Pressed to Invest: Understanding When, How to Make Invest in Manufacturing Equipment Upgrades

January 20, 2022

From Tesla and Amazon to Westinghouse and countless other companies across the nation, making investments in manufacturing has become top of mind for America’s business community.

Whether to reduce reliance on international production or merely as a result of growth and expansion, the impetus for financing major undertakings varies. One thing, however, remains a constant – the importance of sound financial planning, especially as businesses across the nation earn record profits as revealed in a recent report by the U.S. Bureau of Economic Analysis.

But before any decisions about improvements are made, leaders need to consider numerous factors to ensure the investments they are undertaking make financial sense over the short and long term.

Pivotal checkpoints on the roadmap include asking:

  1. Do you truly need to make changes?
    With how quickly technology and modernization are reshaping how companies do business, it is critical to take an honest look at whether changes really need to take place, and then how significant they need to be to meet the company’s short- and long-term goals.

    The current climate is ripe with opportunities as the pandemic revealed many new openings to seize market share, in addition to work-arounds to overcome challenges, which have now become a permanent part of operations.

    With that in mind, there’s a big financial difference between upgrading one piece of equipment and retrofitting an entire operation. Bringing in industry experts, weighing your operational abilities against competitors, and consulting equipment finance bankers familiar with your industry can go a long way to determining exactly what changes need to be made. In fact, a skilled equipment finance group can not only provide greater clarity when evaluating options, but also offer deep industry knowledge of current technologies and view all available solutions through an unbiased lens. The ultimate goal is to be a good steward of customers’ financial and operational assets.

  2. What will your return on investment look like?
    A solid business plan that gives a 5-, 10- and even 15-year perspective, is at the root of nearly every successful business. Depending on current market share, growth opportunities, as well as challenges provides a window into the viability of making a significant investment in equipment.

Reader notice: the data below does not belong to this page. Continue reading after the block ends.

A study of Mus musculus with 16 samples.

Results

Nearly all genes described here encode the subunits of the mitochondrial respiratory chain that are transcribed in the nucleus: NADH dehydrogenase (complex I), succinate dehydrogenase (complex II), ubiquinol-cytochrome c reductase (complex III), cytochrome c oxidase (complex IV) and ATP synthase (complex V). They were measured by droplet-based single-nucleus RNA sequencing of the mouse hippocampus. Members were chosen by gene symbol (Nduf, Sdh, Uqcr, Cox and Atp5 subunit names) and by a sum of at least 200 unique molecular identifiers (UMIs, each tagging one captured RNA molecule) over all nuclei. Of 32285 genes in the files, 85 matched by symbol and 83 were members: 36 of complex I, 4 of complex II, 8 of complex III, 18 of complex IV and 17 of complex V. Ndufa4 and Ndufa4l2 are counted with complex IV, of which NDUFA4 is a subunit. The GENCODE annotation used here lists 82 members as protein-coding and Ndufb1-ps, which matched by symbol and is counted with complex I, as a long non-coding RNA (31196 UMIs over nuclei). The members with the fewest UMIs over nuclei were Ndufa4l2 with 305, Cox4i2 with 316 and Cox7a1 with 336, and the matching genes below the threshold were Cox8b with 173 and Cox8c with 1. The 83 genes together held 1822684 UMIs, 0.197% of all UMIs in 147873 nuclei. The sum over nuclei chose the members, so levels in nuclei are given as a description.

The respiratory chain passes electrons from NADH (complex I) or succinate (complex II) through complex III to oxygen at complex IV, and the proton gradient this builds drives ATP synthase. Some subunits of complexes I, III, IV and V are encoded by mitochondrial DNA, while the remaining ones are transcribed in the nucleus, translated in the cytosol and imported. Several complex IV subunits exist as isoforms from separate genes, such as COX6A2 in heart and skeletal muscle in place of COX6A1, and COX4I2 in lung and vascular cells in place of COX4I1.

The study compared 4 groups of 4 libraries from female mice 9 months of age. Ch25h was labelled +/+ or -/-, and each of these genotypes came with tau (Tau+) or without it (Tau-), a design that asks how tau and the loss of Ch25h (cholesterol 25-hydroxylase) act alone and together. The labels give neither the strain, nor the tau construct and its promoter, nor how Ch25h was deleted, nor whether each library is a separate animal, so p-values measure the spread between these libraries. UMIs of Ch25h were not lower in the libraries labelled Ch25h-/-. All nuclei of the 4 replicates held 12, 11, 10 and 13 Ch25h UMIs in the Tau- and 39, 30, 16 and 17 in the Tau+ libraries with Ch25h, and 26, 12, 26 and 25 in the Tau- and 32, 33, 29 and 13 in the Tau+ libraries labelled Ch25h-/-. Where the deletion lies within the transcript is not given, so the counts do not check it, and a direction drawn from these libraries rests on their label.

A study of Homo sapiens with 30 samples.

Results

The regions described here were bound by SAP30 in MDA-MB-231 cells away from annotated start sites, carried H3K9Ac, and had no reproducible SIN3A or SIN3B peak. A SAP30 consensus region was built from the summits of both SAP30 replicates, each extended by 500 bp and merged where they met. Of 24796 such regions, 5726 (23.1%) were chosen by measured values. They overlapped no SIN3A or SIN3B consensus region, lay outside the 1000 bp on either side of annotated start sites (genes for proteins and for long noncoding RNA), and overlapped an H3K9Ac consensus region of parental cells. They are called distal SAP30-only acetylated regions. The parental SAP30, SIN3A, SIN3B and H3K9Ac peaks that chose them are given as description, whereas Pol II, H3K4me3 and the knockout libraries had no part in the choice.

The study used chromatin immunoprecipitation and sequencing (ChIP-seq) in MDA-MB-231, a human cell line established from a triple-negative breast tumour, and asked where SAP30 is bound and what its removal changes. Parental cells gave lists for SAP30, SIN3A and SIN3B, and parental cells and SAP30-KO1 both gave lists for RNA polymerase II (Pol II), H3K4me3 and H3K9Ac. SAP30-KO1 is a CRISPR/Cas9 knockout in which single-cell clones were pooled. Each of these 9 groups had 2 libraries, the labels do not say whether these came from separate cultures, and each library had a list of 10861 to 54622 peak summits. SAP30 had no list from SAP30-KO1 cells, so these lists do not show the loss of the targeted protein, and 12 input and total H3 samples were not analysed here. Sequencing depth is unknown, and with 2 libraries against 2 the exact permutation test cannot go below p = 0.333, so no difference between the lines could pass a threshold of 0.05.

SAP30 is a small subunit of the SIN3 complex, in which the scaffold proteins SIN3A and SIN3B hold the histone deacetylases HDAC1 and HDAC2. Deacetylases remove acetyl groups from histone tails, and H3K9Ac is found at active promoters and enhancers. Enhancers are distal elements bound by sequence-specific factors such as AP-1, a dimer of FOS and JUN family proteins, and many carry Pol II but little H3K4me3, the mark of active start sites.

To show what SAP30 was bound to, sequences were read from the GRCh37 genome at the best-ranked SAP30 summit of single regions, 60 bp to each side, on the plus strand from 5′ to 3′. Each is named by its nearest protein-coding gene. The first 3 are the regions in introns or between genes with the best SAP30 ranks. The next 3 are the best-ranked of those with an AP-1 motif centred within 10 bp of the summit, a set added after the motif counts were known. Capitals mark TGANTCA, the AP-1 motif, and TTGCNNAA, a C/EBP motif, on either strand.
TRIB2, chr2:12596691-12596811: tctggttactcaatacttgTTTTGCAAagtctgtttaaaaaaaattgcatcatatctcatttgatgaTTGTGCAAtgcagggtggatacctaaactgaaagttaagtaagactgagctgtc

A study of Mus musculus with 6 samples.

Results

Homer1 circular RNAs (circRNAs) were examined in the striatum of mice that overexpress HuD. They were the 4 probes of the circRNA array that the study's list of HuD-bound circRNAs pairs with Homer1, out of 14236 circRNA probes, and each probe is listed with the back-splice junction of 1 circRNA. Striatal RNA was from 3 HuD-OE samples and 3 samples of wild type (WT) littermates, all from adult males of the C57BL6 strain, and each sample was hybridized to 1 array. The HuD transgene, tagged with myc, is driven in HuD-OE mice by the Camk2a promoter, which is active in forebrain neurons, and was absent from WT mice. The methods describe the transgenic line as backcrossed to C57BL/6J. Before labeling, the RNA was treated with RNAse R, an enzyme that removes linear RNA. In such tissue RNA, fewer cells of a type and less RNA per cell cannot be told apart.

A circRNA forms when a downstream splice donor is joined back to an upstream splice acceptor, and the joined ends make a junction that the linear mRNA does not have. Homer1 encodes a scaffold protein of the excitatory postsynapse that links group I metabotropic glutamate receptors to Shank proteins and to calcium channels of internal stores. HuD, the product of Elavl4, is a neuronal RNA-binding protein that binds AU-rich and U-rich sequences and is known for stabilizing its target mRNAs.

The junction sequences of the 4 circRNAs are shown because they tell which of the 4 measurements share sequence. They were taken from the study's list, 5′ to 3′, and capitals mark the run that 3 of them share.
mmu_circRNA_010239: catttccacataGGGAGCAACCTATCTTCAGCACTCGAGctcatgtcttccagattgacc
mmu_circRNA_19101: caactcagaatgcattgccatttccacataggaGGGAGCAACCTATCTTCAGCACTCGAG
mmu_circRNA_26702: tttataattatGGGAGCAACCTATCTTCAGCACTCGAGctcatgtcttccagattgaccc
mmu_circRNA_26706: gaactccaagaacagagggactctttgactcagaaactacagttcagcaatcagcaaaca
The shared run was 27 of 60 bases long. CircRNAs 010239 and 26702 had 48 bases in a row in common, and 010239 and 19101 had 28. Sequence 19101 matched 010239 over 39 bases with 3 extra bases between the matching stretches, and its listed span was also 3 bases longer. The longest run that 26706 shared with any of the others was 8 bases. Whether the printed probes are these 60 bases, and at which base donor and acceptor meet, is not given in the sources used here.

There are some industries where a slight upgrade may create more efficiency or reduce costs. Others, especially in areas of healthcare and technology create trickier circumstances. In healthcare specifically, companies need to examine the laws of diminishing returns. For instance, can the costs of upgrading imaging equipment to the latest technology available be justified if doctors and other healthcare providers do not need that level of sophistication to make diagnoses and treatment plans? Will healthcare and insurance providers understand the increased costs or will they take their business elsewhere?

  3. How do you right-size financing options?
    Once a decision has been made, the real work begins: building a smart financial solution that will protect the business, while ensuring it has the tools it needs to bring their goods to market. A seasoned equipment finance team can provide options for businesses that take into consideration available capital, cash flow and anticipated earnings. For some, this may include leveraging resources such as loans, government initiatives, low-rate investment incentives and even relationships with original equipment manufacturers (OEMs) to potentially delay or space out payments during equipment installation processes or while functionality is being assessed on site, especially if there are supply chain delays.

    Built on strong client-centric relationships, Western Alliance Bank’s Equipment Finance Group takes time to understand a business’ operations and, where opportunities exist, will even take on risk with customers. Taking value, potential resale and other factors into consideration, teams can build customized payment structures to better benefit companies, which makes sharing the risk an appealing option to many businesses.

At the end of the day, upgrading equipment can be a risk – but businesses need to ask themselves if it’s a bigger risk not to make the investment that will allow them to reap bigger rewards in the long term.

Brian Scott is managing director of Western Alliance Bank's Equipment Finance Team. He can be reached at [email protected] or (602) 296-6649.